Why Microsoft and Google can never copy Apple's Handoff

Apple's Handoff feature moves tasks seamlessly between mobile and PC, and we may never see anything like it elsewhere

Handoff, which allows tasks started on a given device to be handed off to another device, is one of the most fascinating features in iOS 8 and OS X Yosemite. Users can seamlessly switch from, say, Mac to iPhone, or from iPhone to Apple Watch midtask. InfoWorld's Galen Gruman calls this concept "liquid computing," a process baked deep into iOS 8 and a sign of another step toward a world where the device we use is made less important than the work we're doing.

It's also a concept ripe for cloning, in much the same way many of Apple's other ideas have inspired spinoffs (some might say ripoffs). But could such an idea be implemented outside of Apple's ecosystem?

Microsoft and Google, the two big consumer computing environments apart from Apple, both have pieces in place to allow mobile computing users to seamlessly move their work from one environment to another. But each has only half the equation: Google has mobile, Microsoft has the desktop. For the likes of Handoff to work in such an environment, it would need to completely transcend any one platform.

Google likes to tout that it's already working in this vein. Since Google's entire infrastructure is cloud-based, most anything started on a desktop machine can be resumed on a mobile device and vice versa, since nothing is wholly machine-dependent in the workflow. The downside of this approach is it limits the kinds of work that can be done. Only tasks that fit in the cloud-first environment can be shuttled around os easily, but Google believes most of its target audience can be satisfied with either a mobile app or a Web browser.

One way in which Google plans to expand this is to allow Handoff-type behaviors between Android and Chrome OS devices. The problem with that isn't the mechanism, but the audience. Chrome OS devices are not exactly setting the world on fire, so there are precious few people to make use of such a system in the first place. Plus, most of the people who have an Android phone -- and the kinds of workloads that would benefit from Handoff-style manipulation -- have a Windows-based PC. Maybe Google's work with multiplatform languages like Dart or JavaScript will provide a way out by allowing workflows to be moved between any device that has a compatible runtime, but that's a long-term project.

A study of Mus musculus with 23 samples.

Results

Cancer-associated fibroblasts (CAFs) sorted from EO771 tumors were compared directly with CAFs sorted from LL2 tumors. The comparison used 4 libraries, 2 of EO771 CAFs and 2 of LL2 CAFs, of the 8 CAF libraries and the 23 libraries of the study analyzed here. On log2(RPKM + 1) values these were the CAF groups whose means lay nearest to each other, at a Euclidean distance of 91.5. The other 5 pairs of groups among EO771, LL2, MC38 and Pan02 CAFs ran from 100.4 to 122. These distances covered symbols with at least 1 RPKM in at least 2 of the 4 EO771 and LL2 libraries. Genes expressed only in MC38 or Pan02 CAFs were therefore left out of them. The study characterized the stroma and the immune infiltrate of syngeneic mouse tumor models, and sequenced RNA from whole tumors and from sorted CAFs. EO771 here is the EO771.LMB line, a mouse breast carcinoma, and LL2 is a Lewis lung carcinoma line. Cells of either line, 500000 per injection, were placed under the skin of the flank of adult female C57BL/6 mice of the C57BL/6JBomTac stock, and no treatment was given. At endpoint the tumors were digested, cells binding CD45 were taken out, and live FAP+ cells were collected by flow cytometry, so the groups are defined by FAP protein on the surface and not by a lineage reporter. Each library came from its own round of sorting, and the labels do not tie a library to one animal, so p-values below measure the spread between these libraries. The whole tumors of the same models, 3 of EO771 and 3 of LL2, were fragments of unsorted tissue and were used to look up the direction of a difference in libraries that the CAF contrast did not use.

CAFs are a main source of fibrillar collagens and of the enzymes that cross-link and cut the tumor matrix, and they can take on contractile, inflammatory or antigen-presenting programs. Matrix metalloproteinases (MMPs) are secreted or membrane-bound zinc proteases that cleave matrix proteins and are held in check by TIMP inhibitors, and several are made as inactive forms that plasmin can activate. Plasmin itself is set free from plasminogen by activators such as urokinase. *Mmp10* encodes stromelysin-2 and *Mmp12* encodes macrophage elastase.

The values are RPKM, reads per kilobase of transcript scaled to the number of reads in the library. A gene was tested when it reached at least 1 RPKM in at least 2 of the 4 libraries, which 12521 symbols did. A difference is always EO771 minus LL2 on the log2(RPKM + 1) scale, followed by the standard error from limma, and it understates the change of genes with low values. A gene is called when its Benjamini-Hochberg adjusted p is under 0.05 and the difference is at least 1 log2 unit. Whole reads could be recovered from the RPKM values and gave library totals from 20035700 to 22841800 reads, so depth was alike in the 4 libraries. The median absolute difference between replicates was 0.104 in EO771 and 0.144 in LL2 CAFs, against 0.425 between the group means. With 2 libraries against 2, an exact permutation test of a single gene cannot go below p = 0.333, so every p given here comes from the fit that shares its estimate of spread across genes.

Then there's Microsoft, which has the desktop -- and a surprising amount of the cloud -- but has struggled long and hard to gain any relevance with mobile. The problem, again, isn't technical. Handing off work between Windows-powered phones and Windows-powered desktops might be doable, especially with the next iteration of Windows allegedly being more unified across the board. But with Windows-powered phones stuck with single-digit market share, there's no discernible market for moving Windows tasks to Windows mobile devices.

What makes Handoff so difficult to copy is that it's the product of a company with a solid presence in both mobile and desktop computing. Microsoft has half the picture; Google and Android, the other half. They could in theory work together, but odds are they'll simply get to work developing rival liquid-computing methodologies that will each leave out half their prospective audiences.

This story, "Why Microsoft and Google can never copy Apple's Handoff," was originally published at InfoWorld.com. Get the first word on what the important tech news really means with the InfoWorld Tech Watch blog. For the latest developments in business technology news, follow InfoWorld.com on Twitter.